For Wizards guard Tyronn Lue, the team's chase for a playoff berth -- Washington is three games behind Milwaukee for the final Eastern Conference postseason spot -- is important, but it's not life and death.
That realization came unexpectedly a few weeks ago when he received a phone call from family members in his home town of Mexico, Mo., telling him that Tyrone George, 62, the maternal grandfather who virtually raised Lue, was near death. Cancer has rendered the man he calls "my best friend" on life support, alive in only the medical sense.
"This is kind of hard," said Lue, who added that there were other issues going on with his family back home that he did not want to make public.
George's condition remains the same, Lue said Thursday. And, the strain of the past few weeks has taken its toll on the point guard.
For more than a week, Lue chose not to share his concern, internalizing the sorrow and pain. It wasn't until assistant coach Larry Drew, whose relationship with Lue dates from their time together with the Los Angeles Lakers, took him aside that Lue opened up during a practice in Oakland the day before the Wizards played the Golden State Warriors.
"I was reading his body language and, after watching the Phoenix game, I knew he wasn't himself," Drew said. "I knew he had injuries and stuff and sometimes it takes a little while to get back into things but he didn't seem to be that cheery guy."
Lue's on-court issues included a healing-but-still-separated left shoulder. Off the court, Lue made matters worse late last month when he likened the war in Iraq with the Wizards' push for a playoff position.
"I went to him and he and I sat down for an hour and a half, two hours," Drew said. "That's when he opened up and said he's going through some personal things."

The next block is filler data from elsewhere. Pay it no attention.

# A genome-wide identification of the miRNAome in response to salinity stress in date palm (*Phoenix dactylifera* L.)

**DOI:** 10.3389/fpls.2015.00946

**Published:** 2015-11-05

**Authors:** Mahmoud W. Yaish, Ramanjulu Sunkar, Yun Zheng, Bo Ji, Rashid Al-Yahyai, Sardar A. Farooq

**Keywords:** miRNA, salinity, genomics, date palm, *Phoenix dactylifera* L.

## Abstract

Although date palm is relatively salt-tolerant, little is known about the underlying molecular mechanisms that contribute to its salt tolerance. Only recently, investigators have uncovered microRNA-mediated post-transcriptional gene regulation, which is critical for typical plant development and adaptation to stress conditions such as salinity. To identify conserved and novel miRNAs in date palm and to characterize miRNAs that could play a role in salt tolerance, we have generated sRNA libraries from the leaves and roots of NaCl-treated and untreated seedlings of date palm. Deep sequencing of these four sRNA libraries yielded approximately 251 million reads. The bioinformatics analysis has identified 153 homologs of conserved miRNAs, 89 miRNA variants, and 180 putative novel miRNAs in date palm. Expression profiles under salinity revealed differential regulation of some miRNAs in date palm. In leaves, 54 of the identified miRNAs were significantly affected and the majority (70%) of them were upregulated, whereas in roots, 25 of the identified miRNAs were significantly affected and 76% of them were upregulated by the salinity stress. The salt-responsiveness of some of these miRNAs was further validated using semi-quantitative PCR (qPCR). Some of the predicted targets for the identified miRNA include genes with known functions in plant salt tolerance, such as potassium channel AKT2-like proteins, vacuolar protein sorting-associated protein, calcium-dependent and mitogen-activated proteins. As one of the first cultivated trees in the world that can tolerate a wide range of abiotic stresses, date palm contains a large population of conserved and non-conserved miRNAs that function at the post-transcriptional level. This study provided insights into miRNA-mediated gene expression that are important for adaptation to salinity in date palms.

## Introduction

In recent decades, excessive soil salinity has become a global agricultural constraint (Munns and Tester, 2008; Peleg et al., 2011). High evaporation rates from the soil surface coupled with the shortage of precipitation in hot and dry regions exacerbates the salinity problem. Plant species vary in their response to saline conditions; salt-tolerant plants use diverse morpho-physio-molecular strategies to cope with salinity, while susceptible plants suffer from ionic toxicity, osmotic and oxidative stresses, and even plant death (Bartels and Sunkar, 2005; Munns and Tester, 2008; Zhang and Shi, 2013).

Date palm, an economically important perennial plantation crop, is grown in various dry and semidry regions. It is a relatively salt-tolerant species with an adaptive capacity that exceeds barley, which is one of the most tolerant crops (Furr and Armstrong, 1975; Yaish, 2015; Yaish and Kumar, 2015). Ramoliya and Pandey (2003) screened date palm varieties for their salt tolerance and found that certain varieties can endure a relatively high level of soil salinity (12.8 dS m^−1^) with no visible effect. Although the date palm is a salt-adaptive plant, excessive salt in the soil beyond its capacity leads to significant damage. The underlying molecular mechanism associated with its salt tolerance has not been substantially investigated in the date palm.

Said Lue: "It felt good to finally open up. My grandfather was like my father since my father was never really around. When I was younger I lived with my grandparents -- a lot of young kids are growing up with their grandparents. He taught me a lot of things. He taught me to be a man and he did the things that a father should be there to do for you. He did a lot of those things for me.
"Growing up he's been one of my closest friends and I could always count on him for information I needed. Or, if I'm down he'll get me straight. We did a lot of fun things together, like playing basketball, going fishing, learning how to do this and do that."
Drew immediately relayed his conversation with Lue to Coach Doug Collins. Collins said he told Lue, "If you've got to go, go take care of your family stuff. If you can't put your heart and soul into this then you've got to go see him. If you have to get that taken care of then you go. He said, 'No, I'm going to stay here.' "
Collins inserted Lue into the starting lineup against the Portland Trail Blazers, a game after the loss to the Warriors. The Wizards won. Lue felt great to help reinvigorate the team's playoff hopes. Since getting back the starting job he first lost to Larry Hughes, then lost to his shoulder injury, Lue has averaged 14.6 points and 5.3 assists. It has arguably been the best run of success in his five-year career (he is averaging a career-high 8.5 points).
Even so, when the games end, Lue's thoughts sway back to his family and his grandfather.
"Hopefully he'll be able to live until the season's over with," said Lue, who will become a free agent after the season. "They said it's not 100 percent he's going to die. He's got cancer and he's on life support but he's a strong man and hopefully he'll make it through. The way my grandfather is, he would want me to try to finish up this playoff run. It's a big time in my career and a big time for this team."
Only two of Lue's teammates, Bobby Simmons and Juan Dixon, knew about his personal strain at the time. Some Wizards players still don't. He didn't want his problems to become an issue in an already unstable locker room. Dixon, who lost both of his parents as a youth to HIV-related diseases, offered Lue counsel.
"I said, 'You can't get down,' " Dixon said. "You've got to stay strong for your grandfather. Let it be motivation for you to work harder."
Lue said that talking about things made him feel better and the support he received from those he's spoken with has done a world of good. He calls home to see how things are going but the news is rarely positive.
So Lue keeps plugging along, smiling when he can, wishing his grandfather could see him battling on the court.
"I know he did what he could for me so I could be here," Lue said. "Giving everything I can is the least I can do."